With the start of the new year in 2002, the 12 members of the European Union launched a single currency across their borders, replacing individual country currencies and singling out the Euro as their one shared monetary denomination. Marketplace, a daily economics news program heard on National Public Radio, featured a story on January 2, 2002 about the currency change of the landmark event. (This lesson should be used as an introduction to this topic. There is another Economics Minute The Euro Makes its Debut that would be a good follow-up to this lesson.)
The students investigate money--its purpose and functions. They complete an exercise, using the online acution site Ebay, to learn why money is critical to an economy.
Students research the economic systems of a communist country and a third-world country and compare them to the US, guided by questions and using information from the CIA World Factbook website.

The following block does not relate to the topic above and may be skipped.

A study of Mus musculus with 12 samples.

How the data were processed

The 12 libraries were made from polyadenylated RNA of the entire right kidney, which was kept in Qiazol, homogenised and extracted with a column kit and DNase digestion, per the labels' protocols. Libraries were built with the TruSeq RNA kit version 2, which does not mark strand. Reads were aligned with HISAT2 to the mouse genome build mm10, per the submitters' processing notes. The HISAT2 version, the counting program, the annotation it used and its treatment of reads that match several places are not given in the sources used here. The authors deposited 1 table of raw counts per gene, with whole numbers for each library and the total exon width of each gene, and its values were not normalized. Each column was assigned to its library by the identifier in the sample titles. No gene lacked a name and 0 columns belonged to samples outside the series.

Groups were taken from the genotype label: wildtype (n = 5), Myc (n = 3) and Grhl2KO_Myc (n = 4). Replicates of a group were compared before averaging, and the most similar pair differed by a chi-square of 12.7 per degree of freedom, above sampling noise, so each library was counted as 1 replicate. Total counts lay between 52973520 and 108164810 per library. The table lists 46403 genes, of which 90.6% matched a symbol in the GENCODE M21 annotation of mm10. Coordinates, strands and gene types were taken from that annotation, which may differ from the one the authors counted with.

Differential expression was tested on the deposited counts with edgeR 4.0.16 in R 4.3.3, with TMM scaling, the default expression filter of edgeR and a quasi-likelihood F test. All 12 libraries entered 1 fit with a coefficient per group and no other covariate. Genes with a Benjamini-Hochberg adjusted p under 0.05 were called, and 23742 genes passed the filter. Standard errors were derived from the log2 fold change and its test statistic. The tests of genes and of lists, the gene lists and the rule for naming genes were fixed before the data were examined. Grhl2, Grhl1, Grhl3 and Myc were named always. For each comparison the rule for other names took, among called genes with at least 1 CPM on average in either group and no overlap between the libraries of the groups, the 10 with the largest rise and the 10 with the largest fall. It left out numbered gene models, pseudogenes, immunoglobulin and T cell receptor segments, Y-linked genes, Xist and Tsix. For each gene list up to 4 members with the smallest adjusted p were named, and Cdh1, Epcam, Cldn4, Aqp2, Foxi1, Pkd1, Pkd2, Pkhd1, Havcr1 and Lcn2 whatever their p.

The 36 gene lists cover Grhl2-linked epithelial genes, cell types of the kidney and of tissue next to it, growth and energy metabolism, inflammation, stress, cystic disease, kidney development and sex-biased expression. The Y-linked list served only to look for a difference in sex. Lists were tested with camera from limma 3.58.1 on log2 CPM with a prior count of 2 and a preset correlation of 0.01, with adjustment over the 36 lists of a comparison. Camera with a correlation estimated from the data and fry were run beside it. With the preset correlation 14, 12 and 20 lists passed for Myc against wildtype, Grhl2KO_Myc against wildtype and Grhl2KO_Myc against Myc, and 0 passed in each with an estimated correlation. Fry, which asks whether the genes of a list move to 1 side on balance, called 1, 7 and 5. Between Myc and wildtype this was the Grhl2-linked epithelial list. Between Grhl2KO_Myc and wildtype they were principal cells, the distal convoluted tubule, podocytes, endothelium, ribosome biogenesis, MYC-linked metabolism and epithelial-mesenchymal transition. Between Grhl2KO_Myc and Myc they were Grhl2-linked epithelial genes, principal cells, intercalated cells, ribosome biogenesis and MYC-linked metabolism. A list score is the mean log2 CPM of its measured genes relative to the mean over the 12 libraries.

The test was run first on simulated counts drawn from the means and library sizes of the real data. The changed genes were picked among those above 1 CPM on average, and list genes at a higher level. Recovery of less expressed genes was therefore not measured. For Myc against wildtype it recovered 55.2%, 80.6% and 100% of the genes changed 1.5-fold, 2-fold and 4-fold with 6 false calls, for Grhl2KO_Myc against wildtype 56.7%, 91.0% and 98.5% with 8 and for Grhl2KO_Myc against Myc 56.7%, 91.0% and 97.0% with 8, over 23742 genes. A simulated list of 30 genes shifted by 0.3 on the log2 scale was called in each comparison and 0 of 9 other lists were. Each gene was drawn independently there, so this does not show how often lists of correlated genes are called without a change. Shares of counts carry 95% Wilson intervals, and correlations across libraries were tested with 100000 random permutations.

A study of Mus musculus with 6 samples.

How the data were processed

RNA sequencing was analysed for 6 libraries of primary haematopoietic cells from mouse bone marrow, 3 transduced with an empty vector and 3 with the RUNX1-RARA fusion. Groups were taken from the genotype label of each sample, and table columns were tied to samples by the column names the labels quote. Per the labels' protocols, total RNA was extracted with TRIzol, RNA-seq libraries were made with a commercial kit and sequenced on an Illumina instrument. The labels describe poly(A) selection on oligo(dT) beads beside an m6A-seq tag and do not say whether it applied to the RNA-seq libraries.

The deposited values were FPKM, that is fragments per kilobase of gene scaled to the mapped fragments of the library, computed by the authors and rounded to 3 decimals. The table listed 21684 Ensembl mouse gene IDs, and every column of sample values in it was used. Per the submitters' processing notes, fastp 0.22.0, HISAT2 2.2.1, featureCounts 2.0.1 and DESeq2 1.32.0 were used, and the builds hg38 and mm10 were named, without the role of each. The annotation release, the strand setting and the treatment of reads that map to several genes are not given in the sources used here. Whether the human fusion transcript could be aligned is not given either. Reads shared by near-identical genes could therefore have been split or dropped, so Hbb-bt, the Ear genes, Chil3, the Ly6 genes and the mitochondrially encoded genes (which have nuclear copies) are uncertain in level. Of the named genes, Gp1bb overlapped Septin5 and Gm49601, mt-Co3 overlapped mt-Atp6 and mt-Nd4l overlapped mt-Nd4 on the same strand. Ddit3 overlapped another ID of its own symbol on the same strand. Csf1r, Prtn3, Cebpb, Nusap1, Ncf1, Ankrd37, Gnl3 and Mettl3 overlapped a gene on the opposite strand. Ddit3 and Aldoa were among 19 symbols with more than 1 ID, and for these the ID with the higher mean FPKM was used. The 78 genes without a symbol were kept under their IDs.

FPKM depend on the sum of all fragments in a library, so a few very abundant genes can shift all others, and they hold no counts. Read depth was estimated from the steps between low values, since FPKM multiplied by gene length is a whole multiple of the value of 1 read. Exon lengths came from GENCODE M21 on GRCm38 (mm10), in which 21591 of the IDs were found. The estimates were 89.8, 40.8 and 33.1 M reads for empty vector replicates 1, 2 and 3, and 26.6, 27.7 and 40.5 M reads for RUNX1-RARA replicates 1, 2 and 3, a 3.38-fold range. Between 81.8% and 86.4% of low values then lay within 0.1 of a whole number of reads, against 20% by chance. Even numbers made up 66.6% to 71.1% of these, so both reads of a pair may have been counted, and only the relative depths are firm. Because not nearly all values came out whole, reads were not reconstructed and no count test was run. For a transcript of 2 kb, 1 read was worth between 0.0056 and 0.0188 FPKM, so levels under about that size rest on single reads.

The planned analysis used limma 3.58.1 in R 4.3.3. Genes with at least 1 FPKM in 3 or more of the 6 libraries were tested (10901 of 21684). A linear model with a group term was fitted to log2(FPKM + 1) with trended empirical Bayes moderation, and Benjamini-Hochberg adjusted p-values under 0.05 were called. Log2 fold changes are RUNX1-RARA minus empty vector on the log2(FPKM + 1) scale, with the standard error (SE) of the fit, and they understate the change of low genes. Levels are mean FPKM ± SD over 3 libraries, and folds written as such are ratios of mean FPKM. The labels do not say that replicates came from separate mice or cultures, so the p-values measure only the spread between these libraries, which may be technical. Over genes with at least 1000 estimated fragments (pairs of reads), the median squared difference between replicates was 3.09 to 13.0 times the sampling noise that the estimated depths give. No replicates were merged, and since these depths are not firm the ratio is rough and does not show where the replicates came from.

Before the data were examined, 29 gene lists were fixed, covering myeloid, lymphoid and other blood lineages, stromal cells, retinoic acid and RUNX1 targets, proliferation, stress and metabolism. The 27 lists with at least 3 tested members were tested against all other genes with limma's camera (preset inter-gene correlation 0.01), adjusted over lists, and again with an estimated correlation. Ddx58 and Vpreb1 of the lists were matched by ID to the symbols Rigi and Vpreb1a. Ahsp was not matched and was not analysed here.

The following lessons come from the Council for Economic Education's library of publications. Clicking the publication title or image will take you to the Council for Economic Education Store for more detailed information.
This publication contains 23 lessons that introduce high school students to the world of investing--its benefits and risks and the critical role it plays in fostering capital formation and job creation in our free market system.
4 out of 23 lessons from this publication relate to this EconEdLink lesson.
Created specifically for middle school mathematics teachers, this publication shows how mathematics concepts and knowledge can be used to develop economic and personal financial understandings.
2 out of 12 lessons from this publication relate to this EconEdLink lesson.
Created as a supplement to existing middle school world geography and world history courses, the 5 units in this guide introduce students to the basics of global trade.
1 out of 7 lessons from this publication relate to this EconEdLink lesson.